3.5 MILLION DOLLAR CAT
On the 10th January I attended a lecture by Tony Juniper – the title was “What has nature ever done for us?” - it covered what is these days called “ecosystem services”. Such values are very often underappreciated.
Let me explain. In terms of wildlife, the eminent economist Robert Mugabe (who is also President of Zimbabwe) has been attributed saying “if it pays it stays”. The problem is that wildlife has been paying but it is not staying. And sadly, the tangible value of wildlife accumulates best in the real economy if it is dead. This means that the meat can be eaten, the horns and tusks and teeth and claws sold, the trophies and skins mounted on walls.
Tony uses as one example the mangrove forests in Belize – he estimates that while these mangroves have a timber value, this is greatly exceeded by less immediately tangible “services” including $15 million per year in terms of fish yields, $150 million per year in terms of environmental contribution to tourism, and another $150 million per year in terms of storm protection from frequent hurricanes. He does not estimate the value of these forests in terms of carbon absorption.
Let’s look at lions. Trophy hunters are charged anywhere between $40,000 to $120,000 for a 21-day safari to shoot one and the largest percentage of those fees accumulate to the hunting operators rather than the African lion range states. And then the lion is dead. It is a well-known fact that the reason why wildlife tourists come to Africa is to see lions (unless they are members of that unusual sect called “twitchers” who rush around the world in search of birds). Some time ago an economist placed the value of a live male lion in Amboseli at $500,000 per year in terms of tourism income to the national park. Let’s do a similar calculation. Kenya earns about $1 billion annually from tourism, and if we very conservatively estimate that about $500 million accumulates from wildlife tourism (many tourists want to spend their entire vacation sitting on beaches for reasons that puzzle me), and if we accept that Kenya has about 1,400 lions remaining, each live lion is worth $357,143 per year. That number includes cubs, subadults, males and females but is pretty close to the Amboseli figure. Conservatively assuming that a lion lives about ten years, it means each one is worth over $3.5 million. The next time you see a pride of about ten lions, what you are looking at is worth $35 million to Kenya.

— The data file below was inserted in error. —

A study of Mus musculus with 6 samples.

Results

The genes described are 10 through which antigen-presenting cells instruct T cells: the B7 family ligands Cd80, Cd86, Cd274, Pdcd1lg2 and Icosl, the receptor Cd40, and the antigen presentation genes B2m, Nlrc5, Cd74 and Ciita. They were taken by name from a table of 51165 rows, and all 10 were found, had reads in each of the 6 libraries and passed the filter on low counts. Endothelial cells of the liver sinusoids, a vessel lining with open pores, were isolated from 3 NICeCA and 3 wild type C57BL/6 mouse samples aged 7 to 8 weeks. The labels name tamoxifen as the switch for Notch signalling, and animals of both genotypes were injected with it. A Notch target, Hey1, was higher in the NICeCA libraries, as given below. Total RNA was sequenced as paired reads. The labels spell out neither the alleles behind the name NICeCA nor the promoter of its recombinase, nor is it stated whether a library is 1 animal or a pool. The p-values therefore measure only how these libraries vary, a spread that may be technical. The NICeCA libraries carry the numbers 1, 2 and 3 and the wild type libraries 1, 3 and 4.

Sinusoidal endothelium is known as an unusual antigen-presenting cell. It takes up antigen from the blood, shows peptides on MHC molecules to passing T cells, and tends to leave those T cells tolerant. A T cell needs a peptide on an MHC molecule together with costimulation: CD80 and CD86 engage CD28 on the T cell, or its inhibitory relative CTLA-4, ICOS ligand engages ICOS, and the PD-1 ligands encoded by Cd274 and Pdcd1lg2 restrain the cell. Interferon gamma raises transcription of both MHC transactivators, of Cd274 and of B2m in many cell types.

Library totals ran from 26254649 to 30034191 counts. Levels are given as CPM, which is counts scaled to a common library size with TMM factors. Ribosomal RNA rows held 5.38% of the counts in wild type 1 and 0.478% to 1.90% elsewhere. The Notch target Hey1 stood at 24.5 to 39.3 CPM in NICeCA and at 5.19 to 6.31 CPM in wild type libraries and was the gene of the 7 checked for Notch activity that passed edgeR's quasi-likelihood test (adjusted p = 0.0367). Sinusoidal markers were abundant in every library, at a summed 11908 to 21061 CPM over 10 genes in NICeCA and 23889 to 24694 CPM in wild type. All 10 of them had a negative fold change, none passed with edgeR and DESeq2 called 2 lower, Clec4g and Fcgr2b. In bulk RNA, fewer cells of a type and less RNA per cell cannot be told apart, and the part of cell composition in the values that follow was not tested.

If we accept that Kenya has on the order of 25,000 elephants (some say 35,000 but I seriously doubt that) then each living elephant is worth about $20,000 per year by the same measure. Recently twelve elephants in one “family” were killed in Tsavo in an event that made international news. The total toll in 2012 for elephant poaching in Kenya stands at about 360. The Minister of Wildlife and Forestry seems to be taking a tough stand after the Tsavo killings and has called for more funds to assist the Kenya Wildlife Service to do a better job protecting Kenya’s wildlife resources. So he should, as 360 elephants poached means Kenya has lost animals to the value of $7.2 million, and such levels of poaching could have a significant further impact as tourists might decide to go elsewhere in Africa to do some elephant spotting.
Tony Juniper and others have long urged us to look at the value of living nature. Perhaps the more they disappear the more we begin to realize that live lions are worth far more than one mounted on a wall and that decision makers will take note?